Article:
Anyone remotely familiar with Indian food has probably heard of Garam Masala. Garam Masala is the most popular spice blend in India and is synonymous with Indian Moghlai cooking. Several brands of this fiery spice blend can be found at your local Indian store. One can even find a bottle of it at your Mega grocery store in the spice isle (even McCormicks makes their own blend). But what exactly is this mysterious spice blend and how does one use it? Let’s take a little journey to better understand Garam Masala.
Garam in Hindi means hot and Masala is of course, a spice blend. Garam Masala traces its roots back to Persia where ‘Garm’ is the Persian word for hot and ‘Masaleh’ is the word for ingredients. Garam Masala made it over to India with invasion of the Islamic Kings. This spice blend adds tremendous flavor and heat to a dish. The heat generated from this masala is unlike the burn you get from chilies. It feels more like warmth being introduced to your body – perfect for now as it starts getting colder.
Garam Masala is used whole as well as in its powdered form. When used whole (khada) the spices are added at the start of the dish preparation. It is crackled in hot oil thereby adding its flavor to it. The food cooked in this medium thus better absorbs the flavors as it simmers. The best example of this is Rice Pilaf, made fragrant and aromatic with the addition of the whole spices. When used as a powder, it is usually sprinkled over the dish right at the end of the preparation just before taking off the flame for service. Garam Masala powder serves the purpose of adding flavor and aroma.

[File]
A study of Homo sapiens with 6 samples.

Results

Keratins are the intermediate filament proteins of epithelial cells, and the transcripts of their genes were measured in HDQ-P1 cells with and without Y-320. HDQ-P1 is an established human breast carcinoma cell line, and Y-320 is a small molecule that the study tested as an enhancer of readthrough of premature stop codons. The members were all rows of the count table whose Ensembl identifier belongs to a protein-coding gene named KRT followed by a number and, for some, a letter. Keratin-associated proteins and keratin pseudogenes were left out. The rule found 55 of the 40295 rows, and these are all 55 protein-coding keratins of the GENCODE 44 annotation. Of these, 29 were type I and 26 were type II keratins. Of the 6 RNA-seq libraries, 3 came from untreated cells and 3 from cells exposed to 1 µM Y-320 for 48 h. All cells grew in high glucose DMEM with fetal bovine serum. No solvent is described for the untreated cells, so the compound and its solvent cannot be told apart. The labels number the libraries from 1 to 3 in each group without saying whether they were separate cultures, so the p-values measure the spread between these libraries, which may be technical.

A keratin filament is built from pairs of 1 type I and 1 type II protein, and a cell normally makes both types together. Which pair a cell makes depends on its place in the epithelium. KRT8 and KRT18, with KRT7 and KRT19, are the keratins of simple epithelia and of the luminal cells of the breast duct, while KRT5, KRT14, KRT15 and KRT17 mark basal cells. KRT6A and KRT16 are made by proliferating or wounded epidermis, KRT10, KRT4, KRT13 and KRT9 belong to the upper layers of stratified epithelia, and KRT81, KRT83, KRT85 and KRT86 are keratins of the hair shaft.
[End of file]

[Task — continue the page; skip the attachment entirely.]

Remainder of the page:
As the flavors are so volatile, the store-bought Garam Masala blends over a short period of time lose their flavor and aroma. A true food aficionado makes his or her own Garam Masala blend and grinds it fresh to ensure maximum flavor. By toasting the spices mildly before grinding, one can guarantee better flavor and aroma. It is well worth the extra effort.
The components of the ‘Classic’ Garam Masala are cinnamon, cardamom (both green and black), cloves, bay leaves and black peppercorns. In terms of proportions, every cook in India has his or her own recipe. Chefs also bolster their Garam Masala blends with the addition of other basic spices such as cumin, coriander seeds, Nutmeg and Mace. Through trial and error, you will arrive at your own Garam Masala blend that works best for you.
The following recipe has a high proportion of peppercorns and is bolstered with cumin. This blend is perfect when making red meat curries.
2 tablespoons cumin seeds
2 tablespoons black peppercorns
1 large stick cinnamon
1 teaspoon cardamom
1 teaspoon cloves
3 - 4 medium dried bay leaves
Toast the ingredients slightly in a skillet till the spices turn a light brown.
Allow to cool and grind to a fine powder in a spice grinder. It is best to grind your spices whenever you need to use it to get the best flavor. Store left over spices in an air tight jar in a cool dark place.